Sometimes it’s good to switch things up a bit. Coach Mike Carver saw a need for that with his Southold/Greenport girls tennis team, so about five minutes before his players lined up on the court Thursday for the prematch introductions with Ross, he had quite a surprise for them.
The big change was having his top singles player, Nyla Olsen, exchange places in the lineup with one of his first doubles players, Camille Ramone.
“I wasn’t expecting him to switch things up that much, first doubles to first singles,” said Ramone.
What was Ramone’s reaction to that bit of news?
“Well, the first thing I said is that I feel like I’m gonna throw up,” she said. “A little panic.”
As Carver explained, the reason for the switch was twofold: It gave Olsen a fun day, a break from the pressure of first singles, and it gave him a look at possible options he may have down the road, including the upcoming Suffolk County Division IV Individual Tournament that will start Oct. 14 at Shoreham-Wading River High School.
For the first time in six years, Southold began this season with a first singles player not named Natalie Kopala. She graduated. That left open the No. 1 singles slot that Olsen has filled.
“I have big shoes to fill,” Olsen said. “It’s a little stressful.”
The junior went 3-6 before Thursday, the first match this season in which she didn’t play first singles.
It can be a grind and mentally taxing facing the opposing team’s best player every match.
“Playing first singles in high school can be a tough road,” Carver said. “You’re always playing the best of the other team. It’s going to be a battle. Every school has always got one really good tennis player.”
“And sometimes first singles can be a lonely place,” he continued. “So, she needed a nice little recharge on the battery and you can see it right here. She’s having a lot of fun out there.”
Carver did issue a caveat to Olsen: “You got to win, too.”
Olsen obliged, teaming up with senior Kaitlyn Duffy for a 6-2, 6-1 defeat of Lila McGlynn and Kieran O’Brien. It was Southold’s only team point in its 6-1 loss at Southold High School.
“I was excited because I love playing doubles,” said Olsen, who was a freshman doubles player. “Mentally it’s a lot easier. I had a lot of fun.”
Ramone, meanwhile, had her hands full against fellow senior Emmy Winter, who put her powerful forehand to good use. Winter pounded away 20 winners and breezed to a 6-1, 6-0 victory in a match that was completed in a swift 35 minutes.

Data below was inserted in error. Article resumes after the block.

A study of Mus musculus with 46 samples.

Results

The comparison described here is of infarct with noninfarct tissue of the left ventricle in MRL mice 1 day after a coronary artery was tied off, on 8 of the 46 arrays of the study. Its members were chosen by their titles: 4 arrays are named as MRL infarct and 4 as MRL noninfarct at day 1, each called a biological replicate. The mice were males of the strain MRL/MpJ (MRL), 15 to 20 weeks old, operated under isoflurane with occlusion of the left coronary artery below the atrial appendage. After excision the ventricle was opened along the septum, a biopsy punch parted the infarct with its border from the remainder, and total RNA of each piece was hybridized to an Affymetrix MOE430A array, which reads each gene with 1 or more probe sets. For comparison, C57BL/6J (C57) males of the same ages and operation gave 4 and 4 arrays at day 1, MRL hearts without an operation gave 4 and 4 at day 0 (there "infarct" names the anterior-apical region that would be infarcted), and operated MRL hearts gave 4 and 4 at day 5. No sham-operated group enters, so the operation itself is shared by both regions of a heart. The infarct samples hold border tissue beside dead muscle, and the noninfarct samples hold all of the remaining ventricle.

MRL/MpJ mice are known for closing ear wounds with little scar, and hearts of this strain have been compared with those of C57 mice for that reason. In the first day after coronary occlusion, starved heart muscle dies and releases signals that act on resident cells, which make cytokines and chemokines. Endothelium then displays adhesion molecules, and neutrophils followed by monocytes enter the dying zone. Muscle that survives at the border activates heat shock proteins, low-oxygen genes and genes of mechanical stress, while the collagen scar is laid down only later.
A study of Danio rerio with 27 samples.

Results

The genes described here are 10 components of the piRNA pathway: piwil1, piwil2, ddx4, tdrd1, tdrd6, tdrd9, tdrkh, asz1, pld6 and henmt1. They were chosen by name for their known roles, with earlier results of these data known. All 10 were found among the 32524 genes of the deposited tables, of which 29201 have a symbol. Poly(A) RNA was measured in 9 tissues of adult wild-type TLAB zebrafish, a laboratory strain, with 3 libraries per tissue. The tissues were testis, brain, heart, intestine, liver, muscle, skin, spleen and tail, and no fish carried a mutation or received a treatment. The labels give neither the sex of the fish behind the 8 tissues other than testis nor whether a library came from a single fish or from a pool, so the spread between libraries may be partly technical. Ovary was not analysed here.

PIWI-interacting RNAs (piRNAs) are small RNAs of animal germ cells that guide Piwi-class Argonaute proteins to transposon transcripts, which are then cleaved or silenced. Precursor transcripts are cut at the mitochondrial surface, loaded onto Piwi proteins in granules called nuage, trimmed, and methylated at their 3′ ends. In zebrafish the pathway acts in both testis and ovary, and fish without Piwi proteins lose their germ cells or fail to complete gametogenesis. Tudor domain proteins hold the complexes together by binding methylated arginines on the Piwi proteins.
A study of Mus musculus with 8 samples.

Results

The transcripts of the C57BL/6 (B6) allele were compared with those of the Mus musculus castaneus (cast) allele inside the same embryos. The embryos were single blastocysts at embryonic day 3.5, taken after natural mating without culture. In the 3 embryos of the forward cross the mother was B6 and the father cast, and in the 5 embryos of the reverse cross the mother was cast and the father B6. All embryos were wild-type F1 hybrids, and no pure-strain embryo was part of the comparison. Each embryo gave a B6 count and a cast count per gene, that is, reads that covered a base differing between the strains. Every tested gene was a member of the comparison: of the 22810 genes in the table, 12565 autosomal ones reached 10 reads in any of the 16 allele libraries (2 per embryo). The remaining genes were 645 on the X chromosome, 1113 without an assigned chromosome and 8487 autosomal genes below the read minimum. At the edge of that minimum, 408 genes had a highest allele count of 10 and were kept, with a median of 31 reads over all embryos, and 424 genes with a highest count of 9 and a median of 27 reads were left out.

Ramone’s previous singles experience in her four years on the team: none.
“I have played tennis for many years and this is the first time I’ve played anything close to first singles,” she said. “Yeah, it was very interesting. It was a different experience for me.”
Ramone had her moments with some fine shots in the match and she chuckled over three successive let serves she delivered in the fourth game of the second set. Winter’s quality was too much, though.
“It was a really good learning experience,” Ramone said. “I think it was a great opportunity.”
Ross improved to 10-1, 8-1 in League IV while Southold dropped to 7-4, 5-4.
Ross also picked up singles wins from three seventh-graders — Lola Dongin (6-0, 6-0 over Judy Anderson), Olivia Caruso (6-0, 6-0 over Reagan Treharne) and Alex Montorosta (6-2, 6-0 over Anne Hughes).
In doubles, Mia Frohlich and Valentina Sanchez downed Joanna Anderson and Olivia Misiukiewicz, 6-3, 6-2, and Melanie Chuya and Carolina Saunders were 6-2, 6-2 winners over Angelly Avila and Erin Hoyt.
Carver indicated he wasn’t overly concerned about the loss of Kopala because many of his players are evenly matched, giving the team depth. “I knew we were solid from top to bottom, and that’s really what our team is,” he said. “It really is a team. It really is.”
Carver said he thinks the shakeup was good for everyone. In regards to Olsen, he said, “She won’t be in doubles forever.”